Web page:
23 Jan, 2021 Shain Wiederholt Fluid Culture

Tips on maintaining a work-life balance when you’re working from home.

 

Everyone has an opinion on working from home. For me, it’s just a reality.

I was a freelance copywriter for nearly two years before joining Fluid, so I was excited to have an office again when I did. To my surprise, my new boss told me that I’d have to keep working from home for a little while longer.

Fluid has been working remotely since March of last year. Many of us enjoy it, and others don’t. As someone who has been working from home for a while now, I wanted to share what I’ve learned about balancing life and work when the two are now more intertwined than ever before.

 

Office Dynamics

 

Pro:

If the pandemic has done anything, it’s shown that people can be trusted to work from home efficiently. I knew people who weren’t allowed to because their employers assumed they’d take a nap or give in to other distractions. Now we know that’s not the case.

 

Con:

Before, it was easy to say, “I’m going home at 5 and going to be completely unplugged.” Now, office communication often continues into the evening, diminishing the time we should spend on ourselves and with our loved ones.

 

Tip:

Turn things off—Slack notifications, office phones, work computers, all of it. Remember that most of us aren’t saving the world from 9 to 5, so most tasks can wait until the morning.

 

 

Commute

 

Pro:

The time you save skipping rush hour can be spent sleeping in or playing with the kids, and all that money you save on gas can go toward, well, anything else. What’s not to like?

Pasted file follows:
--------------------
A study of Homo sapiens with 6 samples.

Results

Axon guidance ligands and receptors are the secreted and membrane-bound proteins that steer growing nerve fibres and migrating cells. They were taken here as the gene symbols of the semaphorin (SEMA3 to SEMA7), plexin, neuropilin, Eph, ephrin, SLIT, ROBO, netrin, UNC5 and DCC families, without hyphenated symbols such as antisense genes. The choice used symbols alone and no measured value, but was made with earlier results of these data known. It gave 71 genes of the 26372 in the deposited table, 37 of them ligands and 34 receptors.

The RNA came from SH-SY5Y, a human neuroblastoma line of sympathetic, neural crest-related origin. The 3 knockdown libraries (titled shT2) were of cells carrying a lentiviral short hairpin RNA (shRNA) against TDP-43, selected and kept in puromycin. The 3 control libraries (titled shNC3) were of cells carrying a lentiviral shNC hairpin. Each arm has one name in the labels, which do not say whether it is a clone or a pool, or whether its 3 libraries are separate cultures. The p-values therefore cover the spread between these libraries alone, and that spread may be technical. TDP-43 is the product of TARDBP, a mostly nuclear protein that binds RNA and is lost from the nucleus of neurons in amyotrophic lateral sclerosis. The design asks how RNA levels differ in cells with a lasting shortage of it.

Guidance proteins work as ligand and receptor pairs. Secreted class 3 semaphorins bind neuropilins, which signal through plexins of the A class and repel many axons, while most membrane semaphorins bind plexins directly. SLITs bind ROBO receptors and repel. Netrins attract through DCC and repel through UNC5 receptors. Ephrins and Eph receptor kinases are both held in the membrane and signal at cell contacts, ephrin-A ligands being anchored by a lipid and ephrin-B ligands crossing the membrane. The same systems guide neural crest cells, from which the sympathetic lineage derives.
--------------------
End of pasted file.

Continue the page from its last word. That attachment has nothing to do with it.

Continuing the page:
Con:

Many people rely on a commute to turn their work brains off and give 100% at home. No commute? No quiet time.

 

Tip:

Replace that commute time with something else to get your head in the zone. I like to listen to the radio or a favorite podcast like I’d normally do but do it while making dinner or cleaning. My wife and I also take the gas and repair money we save and put it toward hobbies that get our minds off work. For me? Metal detecting.

 

Social Life

 

Pro:

The time and money you save from staying at home is time and money you can spend with family and friends.

 

Con:

For those who base their social lives around work, spending so much time in a home office can be quiet, lonely, and difficult.

 

Tip:

When you’re working from home, you’re still part of a team, and that team relies on everyone being as in sync as possible. Tell those negative thoughts, “Bye, bye, bye,” and set a part of every day to check in with your coworkers. I love being part of a creative team that video calls every morning. During this “conclave,” we talk about what we’re working on, share some laughs, and just get to know each other better.

 

Family

 

Pro:

If you live with family, of course they’d be excited to see you more. What better reminder of why you do what you do every single day, right?

 

Con:

For young kids (and especially only children), the only people they know and play with are their parents. Who wants to play by themselves for hours on end, every single day? I know I hate explaining the importance of accurate timesheets to my four-year-old.

 

Tip:

Different things work for different families, but there are several options. My son gets to spend time with his grandparents while I work. He’s an only child, so his mom and I also alternate short breaks throughout the day to keep him entertained. Whatever works for yours, stick with it and have lots of patience.